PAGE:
The Walters Cultural Center features 'Homecoming' exhibit
The Glenn & Viola Walters Cultural Arts Center is showcasing past Hillsboro High School graduates with an exhibit highlighting their best work.
Through Jan. 24, people can walk in and see artwork from past students who graduated between 1971 and 2001, as part of an exhibition called "Homecoming." The featured alumni have creative careers that include animation, jewelry design, illustration and architecture.
"We're excited to showcase artists and designers who found their inspiration while attending public school in Hillsboro," said Hillsboro cultural arts program supervisor Bridie Harrington. "We wanted gallery visitors to be able to learn more about the journey that nurtured successful, local artists along their creative path."
Harrington added that the exhibit was also an opportunity to bring all the artists together to celebrate the lasting impact of Judy Vogland's career.
Vogland taught art classes at Hillsboro High School for 32 years, from 1969 to 2001. With 31 artists in the show, she's honored to have taught every single student in the exhibit.
"They're of course creating their own life, and I was just an early part of it, but they are really the ones who have made all of the decisions about what they're doing and how successful they can be," Vogland said. "But it does make me feel a real 'full circle' kind of feeling."
Vogland created the original show featuring past graduates back in 2006. But this time around, she's featuring work of her own as well.
Her collage painting titled "Sinkers and Floaters" features historical images of loggers and fishermen on the Columbia River with splashes of modern colors across the artwork. She was inspired by pictures of her Norwegian family, who immigrated to Alaska and started fishing to keep the family financially stable, said Vogland.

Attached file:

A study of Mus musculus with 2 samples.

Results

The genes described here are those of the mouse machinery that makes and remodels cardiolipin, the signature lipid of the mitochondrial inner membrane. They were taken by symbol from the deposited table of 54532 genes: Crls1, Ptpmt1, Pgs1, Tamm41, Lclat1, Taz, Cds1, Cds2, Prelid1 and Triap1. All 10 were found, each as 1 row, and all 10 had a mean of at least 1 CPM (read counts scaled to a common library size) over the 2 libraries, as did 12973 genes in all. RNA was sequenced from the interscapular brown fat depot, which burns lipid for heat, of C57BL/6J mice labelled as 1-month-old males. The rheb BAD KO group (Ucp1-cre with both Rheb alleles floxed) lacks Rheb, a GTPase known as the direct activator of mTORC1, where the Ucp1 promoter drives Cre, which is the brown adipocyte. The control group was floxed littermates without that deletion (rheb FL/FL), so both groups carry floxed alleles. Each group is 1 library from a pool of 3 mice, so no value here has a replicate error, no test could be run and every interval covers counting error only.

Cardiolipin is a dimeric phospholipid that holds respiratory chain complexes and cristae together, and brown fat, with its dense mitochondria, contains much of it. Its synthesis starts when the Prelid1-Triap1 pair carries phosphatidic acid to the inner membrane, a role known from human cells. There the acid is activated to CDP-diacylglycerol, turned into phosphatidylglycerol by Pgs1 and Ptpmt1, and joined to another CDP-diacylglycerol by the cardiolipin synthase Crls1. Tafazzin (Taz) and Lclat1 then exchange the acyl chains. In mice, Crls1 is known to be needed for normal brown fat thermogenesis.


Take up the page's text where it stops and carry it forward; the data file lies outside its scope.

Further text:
"All of that was interesting for me to dig through old images and create new environments for them to be seen in," she said.
Vogland's career was also influenced by her own art teacher at Wilson High School in Portland. Her teacher was an immigrant from Germany and inspired her to become an artist.
"I wanted to be just like her, and I felt so lucky to have spent two years of my high school education with her," she said.
Vogland then received her degree in drawing and painting from Portland State University. Once she graduated, she earned her teaching certification and taught at Hillsboro High School for seven years.
But her education didn't stop there. Vogland then went on to earn a master of fine arts in painting and drawing so she could teach at a university.
"As soon as I got a good art education … I wanted to share that feeling with my students," she said.
Harrington also hopes the focus of the exhibit can be on education. More specifically, what creative careers are possible in different mediums of art.
"Hopefully, young people interested in creative fields — all fields — will find inspiration and encouragement in this exhibit," she said. "This exhibit showcases what is possible when cities like Hillsboro invest in excellent arts education for all students."
The Walters Cultural Arts Center will also host a First Tuesday Art Walk reception on Tuesday, Jan. 7, for the exhibit. From 5 to 8 p.m., the event will include a demonstration by featured artist and video game designer Henning Koczy and a performance by guitarist Elizabeth Hartman.
Harrington described it as "a great opportunity for gallery visitors of all ages to connect with neighbors, meet new people and engage in the arts in their community."
People can see exhibitions at the Walters Cultural Arts Center Monday through Thursday from 9 a.m. to 9 p.m., and Fridays from 9 a.m. to 5 p.m, at 527 E. Main St. in downtown Hillsboro. For more information, visit Hillsboro-Oregon.gov/Walters.